Purgatory by Tomás Eloy Martínez


Five words from the blurb: Argentina, history, political, disappearances, love

Tomás Eloy Martínez was one of the most important authors in the Spanish speaking world. He was born in Argentina in 1934 and became a journalist, challenging authority at every opportunity. His provocative journalism forced him into exile during the military dictatorship and he moved to Venezuela, where he wrote several novels. Purgatory was completed shortly before he died from cancer in 2010. It is said to be his most autobiographical work, covering much of Argentina’s recent history. I accepted a review copy of this book because he sounded like such an interesting author, but unfortunately it didn’t quite work for me.

Purgatory has a fantastic opening line:

Simón Cardoso had been dead thirty years when his wife, Emilia Dupuy, spotted him at lunchtime in the lounge bar in Trudy Tuesday.

Human rights groups estimate that 30,000 Argentinians were captured, tortured and killed between 1976 and 1983. This book focused on Simón Cardoso, a cartographer who disappeared during this time period, and the mystery surrounding what happened to him.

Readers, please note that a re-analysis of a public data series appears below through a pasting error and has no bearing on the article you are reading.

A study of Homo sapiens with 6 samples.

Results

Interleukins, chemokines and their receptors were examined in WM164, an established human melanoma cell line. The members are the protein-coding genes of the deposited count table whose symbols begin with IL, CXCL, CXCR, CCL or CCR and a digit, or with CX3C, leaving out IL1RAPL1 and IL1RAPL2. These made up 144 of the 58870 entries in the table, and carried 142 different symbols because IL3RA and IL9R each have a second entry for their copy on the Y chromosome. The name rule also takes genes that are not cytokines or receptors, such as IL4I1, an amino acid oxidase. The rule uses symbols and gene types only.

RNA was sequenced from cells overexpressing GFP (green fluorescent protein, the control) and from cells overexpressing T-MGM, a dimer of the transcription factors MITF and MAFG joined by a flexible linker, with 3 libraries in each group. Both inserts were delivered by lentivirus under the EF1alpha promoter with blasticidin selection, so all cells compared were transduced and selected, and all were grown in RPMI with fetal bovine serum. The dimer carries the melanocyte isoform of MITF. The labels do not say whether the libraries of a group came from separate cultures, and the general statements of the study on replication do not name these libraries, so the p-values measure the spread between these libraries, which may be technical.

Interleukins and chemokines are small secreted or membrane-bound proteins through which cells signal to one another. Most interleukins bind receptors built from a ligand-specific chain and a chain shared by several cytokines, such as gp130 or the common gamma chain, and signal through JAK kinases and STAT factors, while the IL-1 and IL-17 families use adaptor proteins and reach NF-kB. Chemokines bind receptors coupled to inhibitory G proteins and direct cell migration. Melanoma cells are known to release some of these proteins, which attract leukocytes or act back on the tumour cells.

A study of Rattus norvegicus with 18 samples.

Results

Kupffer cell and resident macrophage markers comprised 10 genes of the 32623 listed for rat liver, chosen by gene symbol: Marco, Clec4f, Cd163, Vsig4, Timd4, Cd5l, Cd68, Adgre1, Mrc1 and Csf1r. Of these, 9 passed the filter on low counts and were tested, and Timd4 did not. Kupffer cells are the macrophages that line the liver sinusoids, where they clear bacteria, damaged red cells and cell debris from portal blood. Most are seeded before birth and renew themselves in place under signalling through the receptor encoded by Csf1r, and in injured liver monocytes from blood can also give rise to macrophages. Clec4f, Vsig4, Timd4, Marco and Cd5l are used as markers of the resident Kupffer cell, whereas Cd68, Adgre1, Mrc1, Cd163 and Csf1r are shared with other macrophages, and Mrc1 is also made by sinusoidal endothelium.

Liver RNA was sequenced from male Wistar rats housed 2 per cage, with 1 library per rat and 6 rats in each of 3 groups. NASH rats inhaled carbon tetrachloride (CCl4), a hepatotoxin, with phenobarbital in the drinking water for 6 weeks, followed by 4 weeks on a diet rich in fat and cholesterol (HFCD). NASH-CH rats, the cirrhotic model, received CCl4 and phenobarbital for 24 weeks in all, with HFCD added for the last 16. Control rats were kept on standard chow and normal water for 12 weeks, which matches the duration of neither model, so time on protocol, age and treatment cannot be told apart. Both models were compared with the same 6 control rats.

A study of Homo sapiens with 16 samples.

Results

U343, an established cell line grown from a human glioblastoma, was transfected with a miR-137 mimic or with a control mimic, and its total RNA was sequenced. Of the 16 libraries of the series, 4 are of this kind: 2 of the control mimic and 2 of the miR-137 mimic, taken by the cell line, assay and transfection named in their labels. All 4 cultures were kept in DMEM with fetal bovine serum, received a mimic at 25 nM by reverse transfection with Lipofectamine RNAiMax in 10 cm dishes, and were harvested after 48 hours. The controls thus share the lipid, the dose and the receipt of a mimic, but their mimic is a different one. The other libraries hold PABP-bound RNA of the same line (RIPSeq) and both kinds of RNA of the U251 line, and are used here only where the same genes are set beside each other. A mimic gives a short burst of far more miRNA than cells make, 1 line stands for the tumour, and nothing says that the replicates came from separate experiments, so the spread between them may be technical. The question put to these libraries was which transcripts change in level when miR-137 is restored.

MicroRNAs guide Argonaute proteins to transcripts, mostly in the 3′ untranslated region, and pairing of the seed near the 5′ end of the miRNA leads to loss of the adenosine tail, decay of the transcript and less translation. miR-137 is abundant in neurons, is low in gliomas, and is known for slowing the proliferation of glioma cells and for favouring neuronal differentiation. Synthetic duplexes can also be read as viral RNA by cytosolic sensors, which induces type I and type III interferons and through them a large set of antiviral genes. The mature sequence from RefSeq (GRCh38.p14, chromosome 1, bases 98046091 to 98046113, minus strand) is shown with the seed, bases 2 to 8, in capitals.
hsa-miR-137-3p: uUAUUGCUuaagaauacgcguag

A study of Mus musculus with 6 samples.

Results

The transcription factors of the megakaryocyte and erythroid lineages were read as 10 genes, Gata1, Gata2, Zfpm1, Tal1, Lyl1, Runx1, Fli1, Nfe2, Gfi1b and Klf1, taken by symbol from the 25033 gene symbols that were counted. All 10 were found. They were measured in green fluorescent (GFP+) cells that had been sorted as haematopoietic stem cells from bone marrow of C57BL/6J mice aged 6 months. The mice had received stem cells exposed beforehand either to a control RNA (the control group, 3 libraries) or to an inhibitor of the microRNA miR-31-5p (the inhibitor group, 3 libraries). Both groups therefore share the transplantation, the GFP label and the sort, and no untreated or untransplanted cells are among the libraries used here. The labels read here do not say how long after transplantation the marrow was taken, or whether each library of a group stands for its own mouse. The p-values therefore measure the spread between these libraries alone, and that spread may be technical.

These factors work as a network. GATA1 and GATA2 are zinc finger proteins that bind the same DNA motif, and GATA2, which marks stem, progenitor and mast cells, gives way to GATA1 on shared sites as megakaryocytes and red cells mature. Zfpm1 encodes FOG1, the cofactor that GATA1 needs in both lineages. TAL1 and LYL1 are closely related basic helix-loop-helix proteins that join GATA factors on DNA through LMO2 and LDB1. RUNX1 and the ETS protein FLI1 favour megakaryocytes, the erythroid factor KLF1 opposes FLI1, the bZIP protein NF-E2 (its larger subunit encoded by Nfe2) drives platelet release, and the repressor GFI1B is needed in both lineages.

Purgatory was very easy to read. The simplicity of the text made it possible to underestimate the talent that this author possesses. Profound statements were sprinkled throughout the novel and there were many passages that could easily stand up against the best writing in the world, but unfortunately I don’t think the book worked very well as a novel. There were many long, dry sections in which little happened. It could be argued that these reflected the endless waiting endured by those who didn’t know if their loved ones were alive or dead, but as a reader I was bored.

This Guardian article indicates that the author wanted to write:

without descriptions of atrocities, without depictions of rape and torture – rather a recreation of what it felt like “to breathe in the contaminated air”

He has definitely achieved this, but I’m afraid I prefer my novels to be more powerful. The absence of violence lead to a very quiet novel that was too subtle for me.

I also think that a lot of the satire went over my head. I only have a limited understanding of the political situation in Argentina and so I’m sure that I missed references to specific people/events.

This is clearly an important book, but it was too subtle for me and I’d only recommend it to those with a strong knowledge of Argentina.


Have you read anything written by Tomás Eloy Martínez?

Do any of his earlier books have a stronger narrative drive?